By Blanche Chase
Blanche is an archival researcher at Available Now!, a library Technical Services Assistant at Sierra Club, and a volunteer with the Friends of the San Francisco Public Library
The following article was published in the BayNet Fall 2012 Newsletter.
In January 2012, one of the pages at my local branch library put together a small group of library technical services assistants to volunteer at a nearby public elementary school. The school had re-opened after a two-year renovation and our one-day “crowd sourcing” was to begin the automation process – copy cataloging, adding new spine labels, barcodes to expedite the checkout process and adding the library’s collection into the school district’s online catalog.
I had some time while looking for a library job of my own, so I offered to continue. Sitting in the back of the room while classes came into the library throughout the day, I had an opportunity to observe education in action. Some days student behavior was challenging but every day in the library was inspiring.
The teacher-librarian might select one book and read it to all five grades that visited that day. With each class, a different character or aspect of the story would be pointed out or a new word discussed. The students always had something to add to the discussion, relevant or not. Around St. Patrick’s Day she read them a story about a marching band, adding something specific to their neighborhood about San Francisco’s parade.
Near the anniversary of the Golden Gate Bridge she read a story about the building of the bridge and told them that her grandfather had been among the engineers who had worked on it. She let them hold a bolt from the bridge that had fascinated her when she was a child. Every book presented a chance to share something new and relevant – linking books to their experience.
One Tuesday the third grade class entered the library and sat criss-cross applesauce on the colorful rug in front of her. Ms. C. held up an open book and asked the students “What’s the name of this page?” And they shouted “Title Page!” She went on, “What does the illustrator do?” Hands shot up. “He draws the pictures!”
She opened to the back of the book and asked, “What do we call these pages?” In unison they responded, “Index!” All the more astounding after hearing David Silver’s aside about USF students using Google rather than a cookbook’s index to find a recipe.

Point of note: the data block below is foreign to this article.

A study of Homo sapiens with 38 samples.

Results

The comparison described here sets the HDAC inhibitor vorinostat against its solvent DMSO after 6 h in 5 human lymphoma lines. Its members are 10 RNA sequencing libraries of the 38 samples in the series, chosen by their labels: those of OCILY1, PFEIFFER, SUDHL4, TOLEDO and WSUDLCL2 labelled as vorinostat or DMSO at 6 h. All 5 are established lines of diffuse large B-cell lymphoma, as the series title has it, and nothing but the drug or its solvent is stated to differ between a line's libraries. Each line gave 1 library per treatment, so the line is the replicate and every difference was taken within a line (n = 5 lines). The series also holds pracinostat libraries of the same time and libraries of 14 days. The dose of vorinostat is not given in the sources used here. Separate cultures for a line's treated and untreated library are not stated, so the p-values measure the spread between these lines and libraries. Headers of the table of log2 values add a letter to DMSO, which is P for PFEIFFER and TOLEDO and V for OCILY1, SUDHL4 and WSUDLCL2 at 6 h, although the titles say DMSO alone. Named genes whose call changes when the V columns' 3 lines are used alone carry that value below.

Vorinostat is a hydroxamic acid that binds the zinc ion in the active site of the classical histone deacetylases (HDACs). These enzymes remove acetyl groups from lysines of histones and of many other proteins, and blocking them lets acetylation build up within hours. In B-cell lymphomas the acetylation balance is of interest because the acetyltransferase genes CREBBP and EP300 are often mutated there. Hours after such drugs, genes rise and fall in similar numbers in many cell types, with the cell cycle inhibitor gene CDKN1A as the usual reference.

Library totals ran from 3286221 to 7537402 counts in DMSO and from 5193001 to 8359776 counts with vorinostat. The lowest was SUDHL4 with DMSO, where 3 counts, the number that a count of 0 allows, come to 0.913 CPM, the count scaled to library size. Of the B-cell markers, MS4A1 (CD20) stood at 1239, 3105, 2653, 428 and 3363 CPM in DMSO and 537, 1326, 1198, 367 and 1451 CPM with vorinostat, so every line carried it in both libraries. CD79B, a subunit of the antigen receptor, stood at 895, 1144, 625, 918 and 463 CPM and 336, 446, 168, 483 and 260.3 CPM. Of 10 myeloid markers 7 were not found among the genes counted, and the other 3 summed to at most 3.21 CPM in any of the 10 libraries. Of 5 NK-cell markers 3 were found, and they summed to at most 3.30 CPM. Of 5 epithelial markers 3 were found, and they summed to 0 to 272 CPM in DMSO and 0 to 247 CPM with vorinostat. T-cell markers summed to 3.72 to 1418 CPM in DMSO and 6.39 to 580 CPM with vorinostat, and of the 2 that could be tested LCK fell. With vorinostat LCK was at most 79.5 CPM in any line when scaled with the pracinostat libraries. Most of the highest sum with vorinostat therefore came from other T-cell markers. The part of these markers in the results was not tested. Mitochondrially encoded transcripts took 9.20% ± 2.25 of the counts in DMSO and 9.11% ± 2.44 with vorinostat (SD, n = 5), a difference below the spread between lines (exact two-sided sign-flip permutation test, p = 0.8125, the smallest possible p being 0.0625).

Another afternoon Ms. C. mentioned that she had been to the Main to hear a presentation by one of their favorite illustrators, Jerry Pinkney. They excitedly crowded around her cell phone and she showed them photos of him inscribing a book to their school! They were proud and delighted; their enthusiasm was genuine and infectious.
On one of the last days of school, it was my turn to read to the third graders. They rejected the more “serious” titles I’d selected and instead wanted to hear from Captain Underpants and the Invasion of the Incredibly Naughty Cafeteria Ladies from Outer Space.
Choosing one of the noisy boys to read the first page, I stood beside him in case he needed help. After a paragraph, he chose his friend to read next, gently pushing me out of the way so he could be the one to help if needed. This went on for the rest of their library visit- one student reading, one offering help with troublesome words. They listened to each other; almost everyone wanted a turn reading to the class.
Ms. C. is a responsive teacher-librarian who actively encourages students to walk their own paths to lifelong learning. She introduced me to model library standards and talked about her plan for collection development. I looked over her shoulder as she (quickly) spent her annual library budget, incorporating teacher requests and recommendations.
I had a wonderful time at school eavesdropping on childhood, even seeing some of the same titles I remember from my own early trips to the library. Throughout the school year, I saw these young students become increasingly able to access and use information, linking their lessons to the book being read. Some have trouble paying attention but most love to read and be read to; they want to be heard, they want to contribute. I saw how engaged the teachers are with the library, how reverent young children can be with their books – a wonderful reminder that “books are our friends.”
We may reprise the Flash Mob idea for a couple of days this fall (2012) to complete the non-fiction collection. Care to join us?